OPINION: HARVEY MACKAY — Enhance your life during tough times
For so many of us working from home during our stay-at-home restrictions, the days seem to take on an eerie similarity regardless of how much we actually accomplish. I can barely remember the last time I put on a suit and tie!
On my reading pile was an article on easy ways to enhance your day. It got me thinking about simple ways to improve my own life and outlook. Clearly, these times are not business as usual, but we need to stay sharp so when we do start returning to our routines, we are ready to roll. I’ve picked out a few items that intrigued me especially.
You don’t have to make drastic changes to improve your days and life. Take it one step at a time.
The list starts by advising people to re-evaluate their sleeping habits. Get to bed early and wake up early to get the day started. I find that most days, I don’t need to set an alarm because my body wakes me up naturally. I used to worry that I would miss something if I slept more than a few hours. Now that I know better, I don’t feel guilty about getting more rest.
Pace yourself. There will always be busy times you can’t avoid, but when possible, keep them to a minimum, so you can stay level-headed with less stress.
Learn to say no without feeling guilty. I love when people are willing to take on extra tasks when necessary. However, I do not love when their work is substandard or their usual responsibilities suffer because they are buried and on overload. Know when to say no.
When things do get hectic, find a quiet place you can go to think and get the maximum amount of work done. Smartphones and social media can overwhelm us to distraction. To be more productive, you need to put limits on all these interruptions. I have a window of time every afternoon when I ask people to call me back. Time management is crucial.
Organize your life, which means cleaning up your office and home workspace. If you are working from home, you likely have less space to spread out. An orderly space saves time and frustration.
I try to do two things every day that I need to do but have been dreading. I get them out of the way in the morning so I can face the rest of the day fresh. We all procrastinate on items we would rather not deal with, but the longer we put them off, the more difficult they become.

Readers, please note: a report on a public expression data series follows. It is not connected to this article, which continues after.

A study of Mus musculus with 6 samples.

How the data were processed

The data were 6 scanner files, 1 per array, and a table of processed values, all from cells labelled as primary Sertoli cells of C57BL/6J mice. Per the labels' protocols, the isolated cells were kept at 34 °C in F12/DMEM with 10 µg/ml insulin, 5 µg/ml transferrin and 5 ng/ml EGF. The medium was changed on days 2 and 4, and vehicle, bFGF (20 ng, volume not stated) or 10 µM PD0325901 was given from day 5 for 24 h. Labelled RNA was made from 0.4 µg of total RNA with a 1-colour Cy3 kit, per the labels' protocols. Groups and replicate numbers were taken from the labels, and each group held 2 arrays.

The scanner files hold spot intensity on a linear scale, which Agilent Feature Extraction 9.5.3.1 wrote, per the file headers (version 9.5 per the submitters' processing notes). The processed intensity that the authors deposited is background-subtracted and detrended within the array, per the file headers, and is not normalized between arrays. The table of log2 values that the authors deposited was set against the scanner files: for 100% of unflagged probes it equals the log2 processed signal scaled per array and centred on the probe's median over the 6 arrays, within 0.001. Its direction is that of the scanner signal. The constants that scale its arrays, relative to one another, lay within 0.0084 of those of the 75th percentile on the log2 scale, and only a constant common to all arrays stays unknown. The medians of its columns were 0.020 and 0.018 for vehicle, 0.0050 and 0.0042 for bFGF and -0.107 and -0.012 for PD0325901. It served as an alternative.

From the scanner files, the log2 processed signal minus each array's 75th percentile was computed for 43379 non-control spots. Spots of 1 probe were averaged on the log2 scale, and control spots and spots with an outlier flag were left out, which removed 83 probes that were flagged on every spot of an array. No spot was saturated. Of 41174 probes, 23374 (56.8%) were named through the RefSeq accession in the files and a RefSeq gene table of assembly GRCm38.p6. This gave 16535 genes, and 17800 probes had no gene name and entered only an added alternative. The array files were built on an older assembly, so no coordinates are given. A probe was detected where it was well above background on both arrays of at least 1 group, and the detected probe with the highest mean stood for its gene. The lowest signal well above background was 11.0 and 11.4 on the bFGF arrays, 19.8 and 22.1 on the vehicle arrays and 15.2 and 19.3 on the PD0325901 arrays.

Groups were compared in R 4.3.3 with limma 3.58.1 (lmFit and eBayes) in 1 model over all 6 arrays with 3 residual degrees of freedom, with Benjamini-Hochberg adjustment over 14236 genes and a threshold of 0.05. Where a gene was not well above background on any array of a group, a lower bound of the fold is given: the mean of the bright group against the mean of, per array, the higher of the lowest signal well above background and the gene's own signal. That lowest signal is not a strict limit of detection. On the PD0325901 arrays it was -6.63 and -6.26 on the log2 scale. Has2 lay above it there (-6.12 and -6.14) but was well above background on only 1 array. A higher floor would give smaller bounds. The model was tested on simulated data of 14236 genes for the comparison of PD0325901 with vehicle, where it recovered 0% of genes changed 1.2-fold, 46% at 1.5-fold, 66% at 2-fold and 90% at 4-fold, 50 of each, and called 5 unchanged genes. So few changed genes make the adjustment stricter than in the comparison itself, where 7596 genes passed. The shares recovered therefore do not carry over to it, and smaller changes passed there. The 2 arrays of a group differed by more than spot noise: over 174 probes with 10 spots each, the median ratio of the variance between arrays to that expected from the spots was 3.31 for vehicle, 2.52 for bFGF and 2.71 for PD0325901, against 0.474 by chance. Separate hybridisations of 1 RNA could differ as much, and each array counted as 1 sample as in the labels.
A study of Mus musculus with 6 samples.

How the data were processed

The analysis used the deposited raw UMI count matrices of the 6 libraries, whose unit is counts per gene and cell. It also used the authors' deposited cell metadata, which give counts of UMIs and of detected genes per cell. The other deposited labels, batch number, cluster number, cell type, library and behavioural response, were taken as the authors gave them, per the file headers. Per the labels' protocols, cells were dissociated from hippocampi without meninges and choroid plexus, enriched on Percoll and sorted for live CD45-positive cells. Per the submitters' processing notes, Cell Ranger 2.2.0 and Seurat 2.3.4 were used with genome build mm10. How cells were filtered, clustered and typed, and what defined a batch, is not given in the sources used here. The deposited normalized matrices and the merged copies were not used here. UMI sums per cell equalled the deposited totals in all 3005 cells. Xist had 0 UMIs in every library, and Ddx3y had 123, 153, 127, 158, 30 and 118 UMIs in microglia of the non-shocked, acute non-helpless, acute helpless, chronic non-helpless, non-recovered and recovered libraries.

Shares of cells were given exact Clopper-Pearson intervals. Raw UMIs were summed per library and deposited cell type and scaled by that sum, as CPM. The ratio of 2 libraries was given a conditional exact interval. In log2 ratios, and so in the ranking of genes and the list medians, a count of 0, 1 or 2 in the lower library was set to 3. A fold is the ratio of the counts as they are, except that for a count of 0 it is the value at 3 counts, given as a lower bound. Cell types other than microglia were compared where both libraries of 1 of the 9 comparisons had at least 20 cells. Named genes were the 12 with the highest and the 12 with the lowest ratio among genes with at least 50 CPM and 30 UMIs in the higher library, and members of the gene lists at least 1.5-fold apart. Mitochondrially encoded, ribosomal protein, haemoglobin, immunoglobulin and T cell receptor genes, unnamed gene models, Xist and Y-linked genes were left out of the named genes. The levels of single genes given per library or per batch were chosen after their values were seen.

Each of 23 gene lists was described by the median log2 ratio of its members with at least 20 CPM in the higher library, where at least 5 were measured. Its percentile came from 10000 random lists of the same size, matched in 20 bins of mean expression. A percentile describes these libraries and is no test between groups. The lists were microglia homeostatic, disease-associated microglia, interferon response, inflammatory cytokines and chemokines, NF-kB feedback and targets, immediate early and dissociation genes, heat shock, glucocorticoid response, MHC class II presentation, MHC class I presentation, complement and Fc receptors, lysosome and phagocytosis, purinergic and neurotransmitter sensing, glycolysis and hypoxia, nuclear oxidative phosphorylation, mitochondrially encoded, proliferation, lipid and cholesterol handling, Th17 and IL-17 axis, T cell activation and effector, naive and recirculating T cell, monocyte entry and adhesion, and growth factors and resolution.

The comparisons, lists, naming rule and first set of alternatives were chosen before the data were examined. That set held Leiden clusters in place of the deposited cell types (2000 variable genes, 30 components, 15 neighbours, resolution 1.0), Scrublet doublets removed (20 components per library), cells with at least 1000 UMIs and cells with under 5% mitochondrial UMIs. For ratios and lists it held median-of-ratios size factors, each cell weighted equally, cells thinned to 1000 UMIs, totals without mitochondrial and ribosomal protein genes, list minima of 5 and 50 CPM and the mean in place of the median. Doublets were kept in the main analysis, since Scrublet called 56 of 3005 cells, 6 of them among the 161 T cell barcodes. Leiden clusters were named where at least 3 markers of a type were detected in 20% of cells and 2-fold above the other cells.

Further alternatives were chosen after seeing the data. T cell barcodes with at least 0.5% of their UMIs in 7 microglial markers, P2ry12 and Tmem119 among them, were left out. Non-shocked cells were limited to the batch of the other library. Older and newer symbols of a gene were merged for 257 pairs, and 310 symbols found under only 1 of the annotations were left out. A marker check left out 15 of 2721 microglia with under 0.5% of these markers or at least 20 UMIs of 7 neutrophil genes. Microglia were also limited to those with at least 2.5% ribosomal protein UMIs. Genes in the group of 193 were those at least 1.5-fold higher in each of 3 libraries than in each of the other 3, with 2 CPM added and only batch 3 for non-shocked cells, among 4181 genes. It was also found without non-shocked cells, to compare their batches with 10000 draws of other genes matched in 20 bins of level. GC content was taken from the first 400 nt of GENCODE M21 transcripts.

Make a prioritized list. I live and die by my lists! Plan what you want or need to achieve for the day, and concentrate on completing that list. Allow some time for last-minute emergencies. Before the day is out, plan your next day.
Keep track of your goals. Goals give you more than a reason to get up in the morning; they are an incentive to keep you going all day. Goals tend to tap the deeper resources and draw the best out of life. Achieving goals produces significant accomplishments.
Limit the time you spend with negative people or those who drag you down. I surround myself with positive people who encourage me and lift me up, and for whom I can do the same.
Look for the good in other people. One of my all-time favorite aphorisms is: “A pat on the back accomplishes more than a slap in the face.” Right now, especially, whatever we can do to lift each other up will elevate us all. Sometimes a little encouragement is all it takes to keep another person going.
Read more, whether it be the newspaper, a website or a good book. What an opportunity to tackle that stack of books you’ve been meaning to enjoy! If you have children at home and have become a “substitute teacher,” model great habits by reading with them or to them.
Now that we’ve all binge-watched old episodes of TV shows into oblivion, check out the fascinating courses and podcasts that will broaden your horizons. Take advantage of the empty hours when you would have been at a movie, sporting event or traveling and use that time to learn something new.
Finally, don’t expect others to make your life better. These challenging times will pass, and we’ll be playing catch-up for a while. Make the best of these days to prepare for the best tomorrows.
Mackay’s Moral: Tough times don’t last; tough people do.
• • •
Harvey Mackay is the author of the New York Times best-seller “Swim With the Sharks Without Being Eaten Alive.” He can be reached through his website, www.harveymackay.com, by emailing firstname.lastname@example.org or by writing him at MackayMitchell Envelope Co., 2100 Elm St. SE, Minneapolis, MN 55414.